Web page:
How to Host a Relaxed Breton-Style Summer Lunch
“We haven’t seen anyone properly for a year,” said Watson. “So it’s this special moment when we are able to get together for a little party.” For the occasion, he and Rauzy set up a long farmhouse table in the small willow field to the west of the house. Established with the careful guidance of the local expert Gaël Davoli, another lunch guest, the fine mahogany-hued variety of the plant, which grows to around six feet tall and is also known as petite grisette, has thrived in the region’s temperate climate. Davoli, Watson and Rauzy harvested the first crop of 2,000 seedlings by hand in February and the next is expected to come to fruition this winter. The aim is for Atelier Vime to be able to cultivate enough willow to realize its own small-scale wicker creations using it, and to begin controlling the manufacturing cycle from seed to finished product.
The studio’s new Atlantique collection — which includes rope-wrapped globular lamp bases, a pair of boldly patterned table linens with coral and woven rattan motifs by the artist Marie-Victoire de Bascher and handmade vegetable-wax candles in terra-cotta urn containers — draws from the Bretagne way of life, if not from its fields. “This is such a humble place,” said Watson, who found inspiration for the lamps in the traditional glass floats once used by local fishermen in the nearby Baie d’Audierne harbor. The same maritime mood infused the menu. Served in six courses with glasses of white Meursault and red Châteauneuf-du-Pape, the meal began with pollock carpaccio and smoked sardines prepared by Rauzy and Watson with olive oil and garden herbs, followed by fresh lobster with homemade mayonnaise, a hearty Île de Sein lobster soup and a flower-strewn garden salad. To finish, there were local farm cheeses and two desserts — a charlotte, a Chantilly and génoise confection created by the hosts and dressed with fresh raspberries and blackberries from the garden, and a noisette cake made by Fouin. The feast was cooked entirely with regional ingredients, from Homard Breton lobster to apple juice pressed from fruit collected in the property’s orchards.
“We wanted to preserve the bohemian atmosphere first created here by my parents,” said Rauzy, recalling how they had an open-door policy, hosting their circle of writer and artist friends — whose work still lines the bookshelves and adorns the walls — from the 1960s until the mid-1980s. True to this spirit, the lunch conversation centered on art and local traditions, ranging from Seiz Breur, a 1920s-era art movement that originated in the area, to techniques for preparing spider crabs, another regional delicacy that the guests enjoyed. Plans were hatched for Rauzy and Watson to create wicker beehives — they have late 19th-century examples in their archive in Provence that were made in their house there, a former wicker workshop in Vallabrègues — that will join the five wooden hives already installed and in use on the grounds.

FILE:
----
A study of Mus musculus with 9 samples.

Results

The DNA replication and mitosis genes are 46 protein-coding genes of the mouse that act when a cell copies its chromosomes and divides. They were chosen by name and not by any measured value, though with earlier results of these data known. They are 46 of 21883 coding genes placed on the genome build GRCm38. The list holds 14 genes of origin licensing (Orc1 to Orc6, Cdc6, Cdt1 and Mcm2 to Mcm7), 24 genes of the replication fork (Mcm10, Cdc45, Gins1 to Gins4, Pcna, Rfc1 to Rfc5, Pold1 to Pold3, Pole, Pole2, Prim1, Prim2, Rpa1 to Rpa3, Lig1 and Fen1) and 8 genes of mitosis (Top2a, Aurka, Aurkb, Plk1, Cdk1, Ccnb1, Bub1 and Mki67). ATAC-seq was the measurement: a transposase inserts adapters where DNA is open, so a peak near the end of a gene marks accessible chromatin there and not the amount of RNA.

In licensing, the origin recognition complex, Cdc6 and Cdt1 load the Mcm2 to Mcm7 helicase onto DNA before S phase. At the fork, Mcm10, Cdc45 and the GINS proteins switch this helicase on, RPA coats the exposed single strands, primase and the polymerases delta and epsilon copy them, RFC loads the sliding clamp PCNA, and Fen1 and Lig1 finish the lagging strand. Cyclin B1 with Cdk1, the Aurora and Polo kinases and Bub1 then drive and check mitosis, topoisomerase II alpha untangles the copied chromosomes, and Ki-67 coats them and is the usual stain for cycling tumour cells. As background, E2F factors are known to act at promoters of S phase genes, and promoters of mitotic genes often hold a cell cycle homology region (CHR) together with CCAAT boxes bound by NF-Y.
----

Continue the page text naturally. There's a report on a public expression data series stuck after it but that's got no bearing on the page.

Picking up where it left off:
After the last bite of the charlotte aux framboises was consumed, the friends made their way to an arrangement of antique rattan lounge chairs at the edge of the orchard, where they shared memories of the Parisian illustrator Pierre Le-Tan, who died in 2019 and whom Emmanuel Pierre knew well, over an herbal tea made with sage and verbena from the garden. And when the sun, which had miraculously shown up the moment lunch was served, retreated behind a cloud, they gathered fallen wood and built a large fire in the living room, where they continued talking long into the night. Here, Watson and Rauzy share their tips for hosting a similarly rustic but refined Breton-inspired déjeuner sur la mer.